Monday, 20 November 2017

A Merciless and Unpredictable Tyrant

The Fragile Thinness of Civilization

English history--like most histories--is replete with tyrants and tyrannies.  Henry VIII was one of the worst.  We acknowledge that he was a creature of his times.  The administration of capital justice was so often based upon witnesses whose testimony, in turn, was based upon confessions extracted under torture.

Our times have seen plenty of this kind of evil malice.  Stalin, for example, wanted in some strange way to dress up his infamy and cruelty with show trials.  Testimonies extracted under torture, or the threat thereof, formed a large part of these trials.  Stalin knew all these confessions were garbage, but the formalities had to be adhered to.  Appearances needed to  be maintained.  Why Stalin persisted in such bizarre arrangements is hard to fathom.  Surely he could not have been trying to convince himself.  Was he trying to keep alive the myth of the New Model Man in the minds of the peasantry?

In Henry's case one driver was the need for a legitimate (male) heir; he had a hard time finding the right queen who would produce the goods.  His second queen, Anne was eventually convicted of multiple adulteries and executed.  Was Anne an adulteress?  It seems not.  The testimony against her was probably extracted under torture.

Anne was accused of an adulterous relationship with a young musician, Mark Smeaton.
When Smeaton was arrested, he confessed to adultery with the queen--perhaps under torture (one account has Cromwell in person twisting a knotted rope around his head), perhaps after promises of mercy, perhaps even through some psychological fantasy.  This single confession was sufficient, though all the others protested their innocence.  Within three weeks, Anne, her brother, Norris, Smeaton and two other courtiers were tried, condemned and executed.  [Robert Tombs, The English and Their History (New York: Alfred A. Knopf, p. 2015),  p.170]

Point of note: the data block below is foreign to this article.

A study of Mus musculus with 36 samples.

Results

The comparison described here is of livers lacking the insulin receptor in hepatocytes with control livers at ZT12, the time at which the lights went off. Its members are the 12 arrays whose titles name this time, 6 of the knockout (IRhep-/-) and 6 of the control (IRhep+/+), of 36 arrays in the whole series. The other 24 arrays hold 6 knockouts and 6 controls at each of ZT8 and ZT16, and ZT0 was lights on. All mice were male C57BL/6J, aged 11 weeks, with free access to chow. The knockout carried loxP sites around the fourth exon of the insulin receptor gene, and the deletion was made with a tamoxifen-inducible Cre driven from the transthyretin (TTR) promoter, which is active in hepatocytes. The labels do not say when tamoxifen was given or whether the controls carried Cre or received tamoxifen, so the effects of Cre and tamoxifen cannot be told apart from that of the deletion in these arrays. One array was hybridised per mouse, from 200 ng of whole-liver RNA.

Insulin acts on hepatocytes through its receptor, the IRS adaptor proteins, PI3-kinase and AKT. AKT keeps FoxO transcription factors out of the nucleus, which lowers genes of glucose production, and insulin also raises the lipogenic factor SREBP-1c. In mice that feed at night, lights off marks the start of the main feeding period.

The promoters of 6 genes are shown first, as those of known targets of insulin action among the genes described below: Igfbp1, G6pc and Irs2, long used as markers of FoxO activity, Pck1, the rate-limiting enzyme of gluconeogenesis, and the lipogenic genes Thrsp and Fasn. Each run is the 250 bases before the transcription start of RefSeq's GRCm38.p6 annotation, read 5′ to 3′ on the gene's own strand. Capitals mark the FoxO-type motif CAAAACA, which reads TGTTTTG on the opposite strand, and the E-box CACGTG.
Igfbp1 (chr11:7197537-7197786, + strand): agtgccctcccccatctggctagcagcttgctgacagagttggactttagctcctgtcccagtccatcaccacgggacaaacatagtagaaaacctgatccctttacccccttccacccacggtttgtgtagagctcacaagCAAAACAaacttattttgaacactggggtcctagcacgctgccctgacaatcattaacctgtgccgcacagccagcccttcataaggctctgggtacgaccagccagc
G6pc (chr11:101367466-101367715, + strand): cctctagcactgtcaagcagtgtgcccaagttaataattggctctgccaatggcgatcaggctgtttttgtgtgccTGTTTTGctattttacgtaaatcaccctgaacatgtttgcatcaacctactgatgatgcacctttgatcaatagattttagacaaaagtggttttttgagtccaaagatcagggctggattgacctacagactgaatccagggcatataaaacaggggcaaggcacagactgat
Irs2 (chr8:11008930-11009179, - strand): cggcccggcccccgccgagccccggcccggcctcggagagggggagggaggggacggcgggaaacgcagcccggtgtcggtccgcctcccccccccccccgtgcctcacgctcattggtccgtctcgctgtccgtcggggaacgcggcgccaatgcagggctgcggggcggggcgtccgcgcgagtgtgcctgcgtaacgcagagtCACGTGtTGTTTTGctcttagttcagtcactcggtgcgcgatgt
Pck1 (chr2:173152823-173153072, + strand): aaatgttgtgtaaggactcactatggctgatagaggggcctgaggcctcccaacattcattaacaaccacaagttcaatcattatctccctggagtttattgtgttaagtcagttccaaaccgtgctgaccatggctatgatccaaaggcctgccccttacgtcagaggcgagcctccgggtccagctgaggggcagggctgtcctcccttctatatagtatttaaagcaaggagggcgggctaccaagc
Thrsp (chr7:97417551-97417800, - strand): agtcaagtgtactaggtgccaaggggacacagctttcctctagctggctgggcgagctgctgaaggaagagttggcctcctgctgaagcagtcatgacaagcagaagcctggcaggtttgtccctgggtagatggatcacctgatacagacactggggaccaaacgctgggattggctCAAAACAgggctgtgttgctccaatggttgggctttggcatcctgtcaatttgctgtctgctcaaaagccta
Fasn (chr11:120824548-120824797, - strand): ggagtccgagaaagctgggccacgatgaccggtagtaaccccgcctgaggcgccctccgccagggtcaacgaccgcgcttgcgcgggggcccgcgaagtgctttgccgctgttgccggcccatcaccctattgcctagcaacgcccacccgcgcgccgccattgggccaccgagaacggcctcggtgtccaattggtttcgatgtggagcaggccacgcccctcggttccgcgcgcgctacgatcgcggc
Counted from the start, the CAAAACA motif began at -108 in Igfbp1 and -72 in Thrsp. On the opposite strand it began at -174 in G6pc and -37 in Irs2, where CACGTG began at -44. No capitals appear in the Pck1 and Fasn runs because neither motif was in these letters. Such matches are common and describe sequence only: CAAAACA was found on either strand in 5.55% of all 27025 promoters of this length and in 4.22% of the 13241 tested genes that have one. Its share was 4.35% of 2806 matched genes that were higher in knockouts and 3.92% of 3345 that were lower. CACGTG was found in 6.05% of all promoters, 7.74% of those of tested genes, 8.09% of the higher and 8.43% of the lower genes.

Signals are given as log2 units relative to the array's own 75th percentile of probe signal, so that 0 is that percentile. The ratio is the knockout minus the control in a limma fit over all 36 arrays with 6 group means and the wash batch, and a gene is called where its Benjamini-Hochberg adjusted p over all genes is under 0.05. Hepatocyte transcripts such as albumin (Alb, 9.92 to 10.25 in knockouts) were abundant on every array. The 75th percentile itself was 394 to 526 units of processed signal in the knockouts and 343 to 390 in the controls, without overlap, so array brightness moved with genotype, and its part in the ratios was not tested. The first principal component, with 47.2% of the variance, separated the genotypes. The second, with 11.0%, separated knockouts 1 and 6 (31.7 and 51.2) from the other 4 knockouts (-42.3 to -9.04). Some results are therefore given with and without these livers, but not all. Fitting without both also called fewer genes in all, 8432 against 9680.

Eleven days after Anne's death, Henry had married Jane Seymour.  Tombs says that what this horror shows is the "perils of being close to a merciless and unpredictable tyrant."

Thankfully, in the West, this kind of injustice is no longer seen (there are plenty of others).  Courts thankfully do not recognize the veracity of testimony extracted by torture.  However, there are signs that torture is making a comeback.  We all know what was waterboarding is about.  It has been strenuously defended by some in the West who believe that the end indeed justifies the means--and there is nothing so sacred and holy than the defence of the Republic, or the State.  Those who argue thusly are kissing cousins of a "merciless and unpredictable tyrant".

Alas, we are not so far removed from the injustices and iniquities of Tudor England as we may like to think.  Or Stalin.  The matter is one of degree, not principle.  If we can murder unborn children without a care--even justify it as a fundamental human right--using torture to extract "evidence" cannot be ruled out, if the provocations were sufficiently pressing.  And so it has proved to be.